We are pleased to offer lamb at our farm. We have selected a breed of sheep called a Rideau Arcott. The Rideau Arcott is a purebred sheep which was created entirely in Canada. It was developed over a period of 10-15 years by Agriculture Canada at the research station near Ottawa, Ontario. The original genetics came from the Finnish Landrace, Suffolk, and East Friesian breeds. After many generations of selection, the new breed was released to Canadian producers in the late 1980's.

Lamb is environmentally-friendly. Raising sheep does not cause significant pollution. Sheep manure has a high content of dry matter and provides our hay field with an organic amendment of high quality. This manure is great fertilizer for our hay fields.

When you buy lamb from our farm you are buying fresh. Our lamb is produced and processed locally which means that the meat is fresh and in prime condition. Our lamb is young and tender and it is not necessary to marinate the meat prior to cooking. Lamb tastes great and is a very tasty meat and a healthy alternative.

Buying local lamb is a tangible way of supporting a family farm, and the overall Canadian agricultural industry. Buying local lamb is a concrete way of reducing the long range transportation of foods, and consequently the emission of greenhouse gases that contribute to climate change.

Sugar Hill Farm - Lamb Sugar Hill Farm - Lamb

Sugar Hill Farm - Lamb Sugar Hill Farm - Lamb

Sugar Hill Farm - Lamb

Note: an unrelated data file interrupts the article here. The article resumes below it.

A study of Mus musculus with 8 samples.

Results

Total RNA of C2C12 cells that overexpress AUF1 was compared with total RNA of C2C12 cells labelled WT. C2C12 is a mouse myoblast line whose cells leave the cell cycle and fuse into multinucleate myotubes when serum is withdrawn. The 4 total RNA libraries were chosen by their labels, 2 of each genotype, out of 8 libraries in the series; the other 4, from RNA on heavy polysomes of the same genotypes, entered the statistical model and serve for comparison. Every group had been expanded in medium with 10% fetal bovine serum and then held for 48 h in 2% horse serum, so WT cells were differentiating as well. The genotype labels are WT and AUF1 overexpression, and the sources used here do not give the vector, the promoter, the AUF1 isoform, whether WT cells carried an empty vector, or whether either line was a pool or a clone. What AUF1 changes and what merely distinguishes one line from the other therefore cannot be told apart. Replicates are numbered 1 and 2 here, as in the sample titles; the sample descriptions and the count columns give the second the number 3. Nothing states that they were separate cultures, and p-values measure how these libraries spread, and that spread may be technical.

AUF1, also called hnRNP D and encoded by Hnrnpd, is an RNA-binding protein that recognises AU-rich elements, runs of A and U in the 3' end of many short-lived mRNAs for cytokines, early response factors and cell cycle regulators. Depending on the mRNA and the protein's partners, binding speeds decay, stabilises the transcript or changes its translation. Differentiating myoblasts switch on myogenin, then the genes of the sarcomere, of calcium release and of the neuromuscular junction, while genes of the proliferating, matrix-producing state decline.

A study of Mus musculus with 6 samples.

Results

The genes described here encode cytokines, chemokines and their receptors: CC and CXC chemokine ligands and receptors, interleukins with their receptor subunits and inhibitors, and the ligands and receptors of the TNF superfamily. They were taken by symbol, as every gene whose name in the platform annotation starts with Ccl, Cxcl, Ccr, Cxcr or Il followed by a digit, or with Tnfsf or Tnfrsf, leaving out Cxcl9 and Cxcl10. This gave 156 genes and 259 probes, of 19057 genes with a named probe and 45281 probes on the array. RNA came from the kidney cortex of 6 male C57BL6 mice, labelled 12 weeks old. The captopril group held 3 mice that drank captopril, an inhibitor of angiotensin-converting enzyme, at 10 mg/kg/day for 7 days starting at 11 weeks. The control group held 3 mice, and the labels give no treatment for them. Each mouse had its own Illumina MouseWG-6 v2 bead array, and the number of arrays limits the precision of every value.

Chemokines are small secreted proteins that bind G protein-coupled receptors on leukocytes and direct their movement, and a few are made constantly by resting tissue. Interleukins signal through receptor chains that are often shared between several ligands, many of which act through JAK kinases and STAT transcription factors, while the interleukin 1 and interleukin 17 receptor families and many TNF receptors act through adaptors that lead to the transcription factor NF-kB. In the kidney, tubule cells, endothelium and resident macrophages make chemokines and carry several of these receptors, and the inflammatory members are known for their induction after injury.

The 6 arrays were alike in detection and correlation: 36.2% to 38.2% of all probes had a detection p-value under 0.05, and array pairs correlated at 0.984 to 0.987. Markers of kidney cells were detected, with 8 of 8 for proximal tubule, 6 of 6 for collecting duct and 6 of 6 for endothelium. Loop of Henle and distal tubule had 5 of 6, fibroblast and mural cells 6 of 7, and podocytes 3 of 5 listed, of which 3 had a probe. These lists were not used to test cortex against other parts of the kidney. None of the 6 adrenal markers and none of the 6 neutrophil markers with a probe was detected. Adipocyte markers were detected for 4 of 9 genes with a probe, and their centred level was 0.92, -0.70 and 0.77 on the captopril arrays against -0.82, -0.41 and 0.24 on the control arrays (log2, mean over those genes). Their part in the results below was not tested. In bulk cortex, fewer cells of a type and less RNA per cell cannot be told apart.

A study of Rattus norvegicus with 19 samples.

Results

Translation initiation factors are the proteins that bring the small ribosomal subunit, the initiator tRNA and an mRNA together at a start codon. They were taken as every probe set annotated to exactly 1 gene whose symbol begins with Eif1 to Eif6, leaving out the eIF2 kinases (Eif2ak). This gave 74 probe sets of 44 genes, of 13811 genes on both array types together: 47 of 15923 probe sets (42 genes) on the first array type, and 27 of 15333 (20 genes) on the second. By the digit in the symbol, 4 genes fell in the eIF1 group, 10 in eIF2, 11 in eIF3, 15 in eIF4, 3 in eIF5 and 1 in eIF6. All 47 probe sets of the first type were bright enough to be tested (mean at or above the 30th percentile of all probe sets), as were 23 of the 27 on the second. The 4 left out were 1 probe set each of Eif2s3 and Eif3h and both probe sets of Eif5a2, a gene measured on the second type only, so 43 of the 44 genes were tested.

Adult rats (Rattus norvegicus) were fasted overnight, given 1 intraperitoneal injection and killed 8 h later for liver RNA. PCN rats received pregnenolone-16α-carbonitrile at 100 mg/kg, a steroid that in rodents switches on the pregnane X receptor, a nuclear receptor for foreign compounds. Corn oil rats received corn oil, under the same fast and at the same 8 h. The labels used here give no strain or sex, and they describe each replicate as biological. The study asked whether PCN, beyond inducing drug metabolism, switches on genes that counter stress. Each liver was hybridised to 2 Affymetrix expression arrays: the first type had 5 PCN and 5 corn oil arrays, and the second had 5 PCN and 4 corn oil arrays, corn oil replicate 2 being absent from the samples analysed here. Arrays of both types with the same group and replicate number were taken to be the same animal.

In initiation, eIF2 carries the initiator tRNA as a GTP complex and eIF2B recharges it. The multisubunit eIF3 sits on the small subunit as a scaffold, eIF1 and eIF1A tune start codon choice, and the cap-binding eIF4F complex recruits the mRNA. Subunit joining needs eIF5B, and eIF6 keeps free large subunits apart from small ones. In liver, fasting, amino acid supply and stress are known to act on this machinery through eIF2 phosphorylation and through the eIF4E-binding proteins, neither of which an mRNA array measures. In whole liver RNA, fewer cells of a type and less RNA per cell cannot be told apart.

How We Sell Our Lamb

At Sugar Hill Farm we sell our lamb by the side, or whole animal. Carcass weights are based on the industry standard called the “hot hanging weight” also known as “rail weight”. There is an approximate 30% loss in the final product due to loss of moisture, trim, and bones that are discarded.

Cutting options include: (click chart at right to enlarge)

  • Legs: Kept whole or cut in half. Shank (bone) on OR shank off (de-boned). Usually for Easter a lot of people want shank on. These roasts from the leg are called leg of lamb roasts. If you went with legs cut in half, then you would get 4 leg of lamb roasts; if you kept the legs whole then you get 2 leg of lamb roasts (obviously larger than the ones from legs cut in half). Another option is to have the legs cut into slices (called leg chops).

  • Loin area: Lamb chops (approximately 20-25 lamb chops) or racks (there are 2 racks from one lamb). You may ask for one rack and the other side/rack made into lamb chops.*

  • Shoulder area: Roasts or chops. If the lamb is large (over 50-60 lbs) there may be 2 roasts from each shoulder area; (so a total of 4 roasts), if the lamb is smaller (under 50 lbs) there would be one roast from each shoulder area (a total of 2 roasts).

  • Off-cuts: All the little bits & pieces are made into mince/ground lamb or stew. The stew is either boneless or bone-in. There is not a lot of bits leftover when butchering a lamb. Depending on the size of the lamb there may be about 4 pounds of mince/ground lamb.

*Normal thickness of lamb chops is 3/4 inches, but the butcher will do whatever thickness you want (example one inch thick).